How to Create Your Own Indie Fabric Designs
Create your own indie fabric designs and make the world a better place. One full of dresses and cushions featuring space owls. Oh, yes. Space owls.
You don’t have to be a professional to create a printed fabric. How many times have you seen stuff in the shops and thought: “yes, it’s true that I like owls. I do. But the owls on that dress are shop-bought owls. I want owls with googly eyes. I want crying owls and I want owls reading to each other, because owls should never be lonely. I want birds of the forest with crimson plumage and wonky wings getting squiffed on berries and falling out of trees.” Basically, you know what you want for your dress/cushion/curtains/whatever, and you think you could draw it, or get a friend to do it… but it’s not out there.
What do you do?
You think your own beautiful design thoughts, then hit the internet. The internet will turn your design dreams into a silky, cottony, twill-y, wallpapery reality.
First, consider your design. Repeating patterns work well. Arts and crafts genius William Morris is one of the great heroes of fabric design, and he managed to get his (very complicated) organic repeating patterns to look heart-achingly easy:
Wallpaper design by William Morris. Just… how does he even…
However, for your fabric design you may want something a little… different. Maybe your fabric will consist of the periodic table or endless rows of alchemical symbols. Maybe it will consist of Russian scrabble letters repeated over and over (you sexy thing).
Russian scrabble letters? Yes please.
If you can find something you love from the internet (or from a comic/vinyl album cover etc., because who wouldn’t want to have their body clothed in David Bowie’s beautiful face) then you don’t even need to worry about the design, so long as you’re happy with it and it works as a repeating pattern. If it’s just fabric for yourself, don’t worry about copyright. If you’re planning on selling the fabric, it’s better if you own rights to the design because you’ve created it yourself. Just to be on the safe side.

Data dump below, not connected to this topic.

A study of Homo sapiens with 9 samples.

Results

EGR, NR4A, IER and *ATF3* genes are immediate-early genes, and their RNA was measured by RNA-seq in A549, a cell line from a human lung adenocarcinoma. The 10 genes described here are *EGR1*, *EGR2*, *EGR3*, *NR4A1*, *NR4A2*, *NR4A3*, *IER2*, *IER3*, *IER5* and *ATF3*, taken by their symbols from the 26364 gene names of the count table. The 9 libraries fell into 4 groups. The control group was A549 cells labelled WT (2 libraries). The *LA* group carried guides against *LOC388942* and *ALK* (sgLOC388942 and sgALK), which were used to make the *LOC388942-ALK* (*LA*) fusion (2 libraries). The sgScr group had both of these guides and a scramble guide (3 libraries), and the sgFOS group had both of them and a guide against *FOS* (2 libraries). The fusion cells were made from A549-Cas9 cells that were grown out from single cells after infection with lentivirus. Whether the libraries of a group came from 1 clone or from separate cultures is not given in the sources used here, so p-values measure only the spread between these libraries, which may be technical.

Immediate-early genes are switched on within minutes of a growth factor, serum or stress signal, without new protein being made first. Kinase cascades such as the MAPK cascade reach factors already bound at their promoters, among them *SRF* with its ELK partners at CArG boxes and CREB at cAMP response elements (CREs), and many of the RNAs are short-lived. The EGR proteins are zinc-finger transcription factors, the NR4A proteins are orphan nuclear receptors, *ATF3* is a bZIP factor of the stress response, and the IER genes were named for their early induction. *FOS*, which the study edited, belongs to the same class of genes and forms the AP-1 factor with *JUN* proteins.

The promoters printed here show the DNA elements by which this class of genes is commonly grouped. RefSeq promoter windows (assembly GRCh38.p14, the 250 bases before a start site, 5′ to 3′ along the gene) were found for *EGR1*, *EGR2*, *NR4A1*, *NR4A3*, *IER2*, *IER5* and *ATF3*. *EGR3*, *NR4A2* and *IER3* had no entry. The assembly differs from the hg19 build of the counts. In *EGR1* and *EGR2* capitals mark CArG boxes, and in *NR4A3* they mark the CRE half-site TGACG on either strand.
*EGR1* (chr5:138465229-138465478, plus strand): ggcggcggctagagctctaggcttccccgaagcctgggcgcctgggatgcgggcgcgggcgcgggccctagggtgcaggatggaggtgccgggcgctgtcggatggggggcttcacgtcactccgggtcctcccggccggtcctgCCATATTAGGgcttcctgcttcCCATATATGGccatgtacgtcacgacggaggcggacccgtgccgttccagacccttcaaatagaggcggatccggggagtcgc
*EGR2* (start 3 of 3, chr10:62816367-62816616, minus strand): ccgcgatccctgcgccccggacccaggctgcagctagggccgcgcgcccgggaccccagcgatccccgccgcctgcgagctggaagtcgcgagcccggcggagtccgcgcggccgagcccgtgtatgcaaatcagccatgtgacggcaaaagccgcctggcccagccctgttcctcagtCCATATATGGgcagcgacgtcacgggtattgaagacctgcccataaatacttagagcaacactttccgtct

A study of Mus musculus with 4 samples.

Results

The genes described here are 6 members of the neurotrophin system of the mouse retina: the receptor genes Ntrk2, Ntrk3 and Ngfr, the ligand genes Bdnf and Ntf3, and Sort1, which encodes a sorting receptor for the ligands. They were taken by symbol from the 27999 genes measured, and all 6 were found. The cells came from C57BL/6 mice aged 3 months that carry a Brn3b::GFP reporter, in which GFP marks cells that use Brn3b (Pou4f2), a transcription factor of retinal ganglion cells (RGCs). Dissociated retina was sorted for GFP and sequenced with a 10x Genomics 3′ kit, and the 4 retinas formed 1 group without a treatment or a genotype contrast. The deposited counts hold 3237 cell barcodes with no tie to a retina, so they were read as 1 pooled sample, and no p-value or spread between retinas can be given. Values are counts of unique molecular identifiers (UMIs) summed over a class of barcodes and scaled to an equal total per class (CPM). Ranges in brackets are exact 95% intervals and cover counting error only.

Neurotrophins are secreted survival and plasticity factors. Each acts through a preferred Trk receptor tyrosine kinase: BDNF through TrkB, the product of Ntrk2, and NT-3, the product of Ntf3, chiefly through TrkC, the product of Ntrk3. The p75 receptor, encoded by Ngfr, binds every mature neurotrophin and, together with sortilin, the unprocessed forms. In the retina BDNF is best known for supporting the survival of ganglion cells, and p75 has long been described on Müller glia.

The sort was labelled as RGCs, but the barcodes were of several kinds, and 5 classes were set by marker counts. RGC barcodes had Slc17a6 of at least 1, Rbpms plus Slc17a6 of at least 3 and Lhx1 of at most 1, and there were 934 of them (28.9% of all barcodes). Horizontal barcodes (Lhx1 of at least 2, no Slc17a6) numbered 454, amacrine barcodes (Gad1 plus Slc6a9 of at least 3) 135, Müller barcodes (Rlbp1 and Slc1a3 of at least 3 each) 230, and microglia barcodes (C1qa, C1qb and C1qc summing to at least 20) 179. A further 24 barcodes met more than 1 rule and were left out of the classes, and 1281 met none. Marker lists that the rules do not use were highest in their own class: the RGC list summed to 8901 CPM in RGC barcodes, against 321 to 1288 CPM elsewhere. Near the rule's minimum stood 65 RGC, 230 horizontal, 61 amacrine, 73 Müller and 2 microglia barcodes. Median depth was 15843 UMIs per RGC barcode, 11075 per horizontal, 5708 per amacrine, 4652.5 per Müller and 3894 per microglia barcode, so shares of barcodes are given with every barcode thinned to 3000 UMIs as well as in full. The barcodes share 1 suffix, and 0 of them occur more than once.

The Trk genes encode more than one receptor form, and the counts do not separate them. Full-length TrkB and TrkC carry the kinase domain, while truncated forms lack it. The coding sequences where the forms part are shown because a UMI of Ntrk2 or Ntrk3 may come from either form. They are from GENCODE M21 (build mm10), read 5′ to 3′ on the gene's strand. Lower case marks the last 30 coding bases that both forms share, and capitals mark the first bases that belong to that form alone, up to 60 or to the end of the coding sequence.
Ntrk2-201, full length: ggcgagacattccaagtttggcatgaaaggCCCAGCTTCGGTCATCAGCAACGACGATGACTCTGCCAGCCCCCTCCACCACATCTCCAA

If you’re working with your own designs, think about creating a tile which will have shapes or figures with several variations so that it’s not immediately obvious it’s a repeating pattern. Getting shapes cut in half to line up with each other can be done but it requires extra thinking, so it makes life a bit easier if you have empty space around your tile’s border. This will make it much easier to repeat. The best thing to do is to scrawl some ideas in a square on a bit of paper, photocopy it and lay the tiles next to each other so you can see how they fit and if there’s anything you want to improve.
Finally, unless you’re familiar with fabric printing or would like to learn, you can just trot along to online stores who sell custom fabrics from independent designers and will let you make your own. The lovely Amanda (the very first Mookychick and a rather fine graphic designer) sourced Spoonflower.com. It’s a place where you can buy fabric or wallpaper made by other very gifted indie designers just like yourself. Alternatively you can upload your own design and have it printed out on silk, on cotton, on twill, voile, canvas, sateen… there’s a pretty good variety of fabrics and you can print as much as you like.
If you’re a talented artist or seamstress who’s tired of working with the same designs, creating your own indie fabric (and maybe getting it touted as indie fabric of the week on Spoonflower or an equivalent site) could be a clever opportunity for you to get your name out there.
Just as importantly, it means you can finally sew that dress of your dreams. You know, the one with resplendent birds of paradise tottering about with wonky wings.
One of the many designs created by indie crafters at Spoonflower. This one’s for a Halloween cushion and is designed to be printed at one yard.